Karolinska Institutet returns remains to Australia

En helande ritual ramade in överlämningen av kvarlevorna av sju urinvånare. Foto: Erik Cronberg

On 23 August, Karolinska Institutet handed the remains of seven indigenous Australians over to the Australian Government.

The remains were part of Karolinska Institutet's anatomical collections from the mid- to late-1800s. They were transported to Sweden by a sea captain, a doctor and an exploratory zoologist, but have now been returned to Australia.

The ceremony took place in Stockholm and was attended by representatives of Karolinska Institutet, the Australian Ambassador to Sweden, and Saami representatives.

“It is very important for these communities that the remains of their ancestors will now rest in their homeland, in dignity and peace,” said Jonathan Kenna, Australia's Ambassador to Sweden, after the ceremony.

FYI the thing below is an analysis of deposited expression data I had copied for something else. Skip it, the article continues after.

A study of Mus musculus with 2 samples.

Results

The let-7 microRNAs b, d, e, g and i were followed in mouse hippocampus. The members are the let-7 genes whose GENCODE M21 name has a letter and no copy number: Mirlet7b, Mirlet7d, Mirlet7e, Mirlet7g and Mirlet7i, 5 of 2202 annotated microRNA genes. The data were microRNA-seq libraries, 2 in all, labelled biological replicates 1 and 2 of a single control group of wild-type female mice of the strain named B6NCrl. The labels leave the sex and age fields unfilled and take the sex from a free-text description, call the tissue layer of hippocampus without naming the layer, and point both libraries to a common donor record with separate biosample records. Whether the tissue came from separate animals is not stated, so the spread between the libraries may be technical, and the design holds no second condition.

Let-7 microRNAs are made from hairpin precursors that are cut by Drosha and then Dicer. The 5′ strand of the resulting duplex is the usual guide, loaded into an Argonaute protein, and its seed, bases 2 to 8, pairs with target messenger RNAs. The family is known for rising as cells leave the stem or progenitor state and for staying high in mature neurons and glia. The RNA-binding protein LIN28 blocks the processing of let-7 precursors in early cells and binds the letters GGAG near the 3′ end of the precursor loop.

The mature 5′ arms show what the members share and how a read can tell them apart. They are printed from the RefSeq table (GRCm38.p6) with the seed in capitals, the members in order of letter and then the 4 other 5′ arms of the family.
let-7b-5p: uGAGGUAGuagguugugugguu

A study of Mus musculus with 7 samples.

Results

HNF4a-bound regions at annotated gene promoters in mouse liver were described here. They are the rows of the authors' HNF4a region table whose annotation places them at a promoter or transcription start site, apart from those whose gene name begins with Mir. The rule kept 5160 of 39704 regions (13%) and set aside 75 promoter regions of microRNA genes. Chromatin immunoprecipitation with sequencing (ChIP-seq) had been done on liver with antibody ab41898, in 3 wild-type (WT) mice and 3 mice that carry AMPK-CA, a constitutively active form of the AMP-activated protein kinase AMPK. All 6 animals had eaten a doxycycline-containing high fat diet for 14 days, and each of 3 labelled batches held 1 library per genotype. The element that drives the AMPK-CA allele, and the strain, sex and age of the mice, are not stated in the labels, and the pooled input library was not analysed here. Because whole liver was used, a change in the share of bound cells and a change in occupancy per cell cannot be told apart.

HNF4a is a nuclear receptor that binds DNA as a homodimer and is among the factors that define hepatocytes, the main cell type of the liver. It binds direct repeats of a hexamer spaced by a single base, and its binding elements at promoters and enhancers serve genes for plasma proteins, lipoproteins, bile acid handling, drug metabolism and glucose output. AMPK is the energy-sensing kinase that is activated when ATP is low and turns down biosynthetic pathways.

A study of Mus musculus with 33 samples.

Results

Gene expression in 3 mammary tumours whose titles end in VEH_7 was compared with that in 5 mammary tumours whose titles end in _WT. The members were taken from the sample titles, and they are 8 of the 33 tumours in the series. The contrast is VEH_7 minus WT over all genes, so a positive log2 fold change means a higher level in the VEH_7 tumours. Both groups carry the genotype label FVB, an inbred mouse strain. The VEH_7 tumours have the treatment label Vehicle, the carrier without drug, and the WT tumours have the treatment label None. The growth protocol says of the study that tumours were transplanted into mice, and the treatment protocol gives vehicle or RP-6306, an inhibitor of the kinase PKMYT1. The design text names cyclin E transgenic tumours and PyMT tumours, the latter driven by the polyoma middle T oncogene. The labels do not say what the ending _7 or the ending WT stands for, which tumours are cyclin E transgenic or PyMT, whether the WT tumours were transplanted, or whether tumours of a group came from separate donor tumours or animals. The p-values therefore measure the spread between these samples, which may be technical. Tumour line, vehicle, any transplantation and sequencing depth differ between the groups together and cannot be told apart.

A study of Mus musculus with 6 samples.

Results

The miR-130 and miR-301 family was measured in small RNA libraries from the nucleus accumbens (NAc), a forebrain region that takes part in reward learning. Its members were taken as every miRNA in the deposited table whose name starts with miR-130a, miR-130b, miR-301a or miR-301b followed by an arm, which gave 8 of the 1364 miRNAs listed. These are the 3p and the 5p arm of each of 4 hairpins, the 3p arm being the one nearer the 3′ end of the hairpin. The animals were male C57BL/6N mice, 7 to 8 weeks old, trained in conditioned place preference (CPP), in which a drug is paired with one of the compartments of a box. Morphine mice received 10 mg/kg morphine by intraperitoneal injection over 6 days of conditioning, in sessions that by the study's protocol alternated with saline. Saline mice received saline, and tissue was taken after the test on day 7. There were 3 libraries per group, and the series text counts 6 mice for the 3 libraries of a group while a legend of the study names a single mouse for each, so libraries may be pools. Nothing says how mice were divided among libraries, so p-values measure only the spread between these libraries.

The Australian Government's repatriation program supports the unconditional repatriation of the remains of indigenous peoples – Aboriginal and Torres Strait Islanders – from foreign collections and private owners, which contributes to reconciliation. “I would like to thank everyone from Karolinska Institutet and the Swedish State who worked long and hard so that this would come to pass,” said Jonathan Kenna.

The President of Karolinska Institutet, Ole Petter Ottersen:

“On behalf of KI, I am very pleased to be able to help restore the humanity and dignity of these seven individuals – it is our moral obligation to do so. There is nothing we can do to alter the mistakes of yesterday. What we can do is make sure that we get it right today,” he said.

The President of the Sami Parliament Plenary Assembly, Paul Kuoljok, participated in the ceremony, in which a joik was sung directly to the seven individuals. The ceremony ended with a healing circle ritual, conducted by Johannes Vestly.